As have peers in higher education leadership, my colleagues at the University of Dubuque and I have been trying to manage the safety, health, contingency planning and financial ramifications of COVID-19.

We have learned a lot in five months. This virus is catastrophic to higher education. Colleges and universities will close. Thousands of professionals — faculty and staff — have lost or will lose their jobs.

And students will remain relatively healthy.

ARTICLE CONTINUES BELOW ADVERTISEMENT

Did you say “healthy?” Yes — I said healthy.

Unlike the mid-20th century battle with polio, which was particularly virulent on the young, we are fortunate that the probability of a high school or college-age student dying from COVID-19 is extremely low. According to the Centers for Disease Control, to date, there have been 142 COVID-19 deaths for this demographic nationally, while there have been 90,360 COVID-19-related deaths for those who are over 65.

Thus, COVID-19 is only a minimal threat to high school and college students — unlike suicide, drug and alcohol addiction. A recent study found the impact of this extended period of isolation has increased the death-by-suicide rate among high school and college students by over 350%.

So, given this empirical evidence, let us inoculate ourselves with a dose of common sense as we await an effective and safe vaccine. Here are a few thoughts:

1. 15-24-year-olds need to be together. Their brains require socialization, and the impact of extended periods of isolation is as deadly to them as exposure to COVID-19 is to the 65+ demographic. So, please, policy makers, for their health, let these young people participate in class, athletics, band, choir, debate and student government with appropriate PPE and social distancing (see below). Let them play football, soccer and their trumpets. I, and others like me, will observe social distancing and wear a face covering in order for them be together.

2. Let teachers and coaches teach. There are steps they can implement to safeguard themselves while protecting the brain health of their 15-24-year-old students. We who teach and profess can exercise, eat a well-balanced diet and take vitamins to maintain a healthy immune system.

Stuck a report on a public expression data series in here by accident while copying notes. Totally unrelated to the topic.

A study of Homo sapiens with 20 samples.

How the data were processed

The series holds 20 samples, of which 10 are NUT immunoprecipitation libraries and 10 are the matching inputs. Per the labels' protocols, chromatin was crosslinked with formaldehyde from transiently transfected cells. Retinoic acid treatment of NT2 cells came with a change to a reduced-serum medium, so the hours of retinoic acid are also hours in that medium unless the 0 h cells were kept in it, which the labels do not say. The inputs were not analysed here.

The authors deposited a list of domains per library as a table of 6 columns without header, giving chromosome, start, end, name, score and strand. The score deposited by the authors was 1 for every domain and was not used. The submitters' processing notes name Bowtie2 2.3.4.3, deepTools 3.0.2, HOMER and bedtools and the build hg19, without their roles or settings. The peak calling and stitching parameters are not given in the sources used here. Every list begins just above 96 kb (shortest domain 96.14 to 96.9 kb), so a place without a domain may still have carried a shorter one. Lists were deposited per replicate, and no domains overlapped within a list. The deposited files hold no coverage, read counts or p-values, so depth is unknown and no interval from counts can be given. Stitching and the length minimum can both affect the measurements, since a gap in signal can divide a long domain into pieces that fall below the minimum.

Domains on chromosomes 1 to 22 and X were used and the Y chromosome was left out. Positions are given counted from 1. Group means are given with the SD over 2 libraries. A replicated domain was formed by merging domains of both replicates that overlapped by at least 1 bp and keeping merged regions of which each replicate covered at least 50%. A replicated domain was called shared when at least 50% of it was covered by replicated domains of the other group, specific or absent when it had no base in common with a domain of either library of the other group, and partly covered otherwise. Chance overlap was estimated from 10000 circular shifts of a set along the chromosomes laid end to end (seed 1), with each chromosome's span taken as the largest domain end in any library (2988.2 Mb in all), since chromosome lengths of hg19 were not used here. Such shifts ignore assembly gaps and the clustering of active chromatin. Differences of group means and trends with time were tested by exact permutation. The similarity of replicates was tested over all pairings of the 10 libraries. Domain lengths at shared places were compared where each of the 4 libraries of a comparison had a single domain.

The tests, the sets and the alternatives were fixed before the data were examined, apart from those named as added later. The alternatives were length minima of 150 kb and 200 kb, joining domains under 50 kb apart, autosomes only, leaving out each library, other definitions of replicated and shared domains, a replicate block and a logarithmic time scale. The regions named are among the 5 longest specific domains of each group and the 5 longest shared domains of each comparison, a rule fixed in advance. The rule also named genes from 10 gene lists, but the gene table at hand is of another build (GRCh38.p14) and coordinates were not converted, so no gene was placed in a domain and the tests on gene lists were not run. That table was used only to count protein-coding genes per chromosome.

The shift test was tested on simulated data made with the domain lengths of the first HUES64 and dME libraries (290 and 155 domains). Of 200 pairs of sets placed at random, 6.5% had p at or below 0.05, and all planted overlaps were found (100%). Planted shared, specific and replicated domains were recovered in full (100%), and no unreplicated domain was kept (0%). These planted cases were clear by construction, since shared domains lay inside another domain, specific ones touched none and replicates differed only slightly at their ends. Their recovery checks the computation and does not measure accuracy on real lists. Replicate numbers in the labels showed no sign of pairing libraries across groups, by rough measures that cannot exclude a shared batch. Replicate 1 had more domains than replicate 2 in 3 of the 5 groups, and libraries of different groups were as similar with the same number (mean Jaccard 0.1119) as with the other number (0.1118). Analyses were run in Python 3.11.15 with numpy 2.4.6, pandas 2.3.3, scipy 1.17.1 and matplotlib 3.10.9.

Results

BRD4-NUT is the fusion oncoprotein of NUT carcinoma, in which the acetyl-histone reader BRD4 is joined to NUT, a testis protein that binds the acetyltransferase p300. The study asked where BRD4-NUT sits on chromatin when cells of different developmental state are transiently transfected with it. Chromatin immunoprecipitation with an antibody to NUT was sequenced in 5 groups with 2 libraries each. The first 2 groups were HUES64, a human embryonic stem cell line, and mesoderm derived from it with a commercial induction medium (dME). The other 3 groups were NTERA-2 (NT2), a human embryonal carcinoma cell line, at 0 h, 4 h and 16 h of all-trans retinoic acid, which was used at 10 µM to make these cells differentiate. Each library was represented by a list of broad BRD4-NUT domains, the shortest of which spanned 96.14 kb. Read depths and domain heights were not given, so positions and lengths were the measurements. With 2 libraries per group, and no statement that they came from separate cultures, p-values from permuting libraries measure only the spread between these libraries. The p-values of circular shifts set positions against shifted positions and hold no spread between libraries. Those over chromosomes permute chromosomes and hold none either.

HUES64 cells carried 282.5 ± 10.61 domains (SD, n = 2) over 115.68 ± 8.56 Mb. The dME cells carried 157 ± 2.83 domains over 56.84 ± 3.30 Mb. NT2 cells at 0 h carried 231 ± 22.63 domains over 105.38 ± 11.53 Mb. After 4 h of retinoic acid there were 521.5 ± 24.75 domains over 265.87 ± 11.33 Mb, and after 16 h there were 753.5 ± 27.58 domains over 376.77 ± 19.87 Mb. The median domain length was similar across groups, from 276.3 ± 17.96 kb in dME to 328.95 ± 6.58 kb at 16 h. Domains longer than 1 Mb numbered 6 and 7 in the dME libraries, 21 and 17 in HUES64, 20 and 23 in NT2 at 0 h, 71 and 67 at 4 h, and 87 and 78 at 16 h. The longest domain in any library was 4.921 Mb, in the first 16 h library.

Every student can disinfect their personal space before beginning class. We can continue to improve our synchronous learning platforms to increase our physical distancing, when appropriate. As a non-negotiable, every person in each classroom can wear a face covering out of consideration for the vulnerable, whether that be an older teacher/professor or a classmate who is managing diabetes, kidney disease, COPD, sickle cell or some other health condition.

3. Let’s not forget that the original goal of public health officials was to “mitigate and flatten the curve” to keep emergency rooms and hospitals from being overwhelmed with COVID-19 patients. While we must remain vigilant to understand the impact of COVID-19 spread in our state and communities, the goal of curve flattening has been accomplished in many (but not all) states so successfully that some hospitals are now in serious financial peril. The goal has never been to eliminate the spread of the virus but to temper it. Students will get the virus, and most will not notice it. Which brings me back to No. 1.

4. The 15-24-year-old demographic is dying — not because of the COVID-19, but because of the deleterious effects of extended isolation. It’s called suicide and addiction. Their brains require social stimulation to keep them healthy as much as my underactive thyroid requires Synthroid to keep me moving. Our current policies are inadvertently killing them.

Everyone has a job to do. Let’s all be smart and adopt the following mantra: Practice common sense — good hygiene, social distancing and wear a face covering for yourself and others.

And I look forward to seeing you — from six feet away — under the Friday night lights! And if you don’t feel safe being out in public, please stay home. For your health, and for the health of our children.

Bullock has been president of the University of Dubuque since 1998. His email address is jbullock@dbq.edu.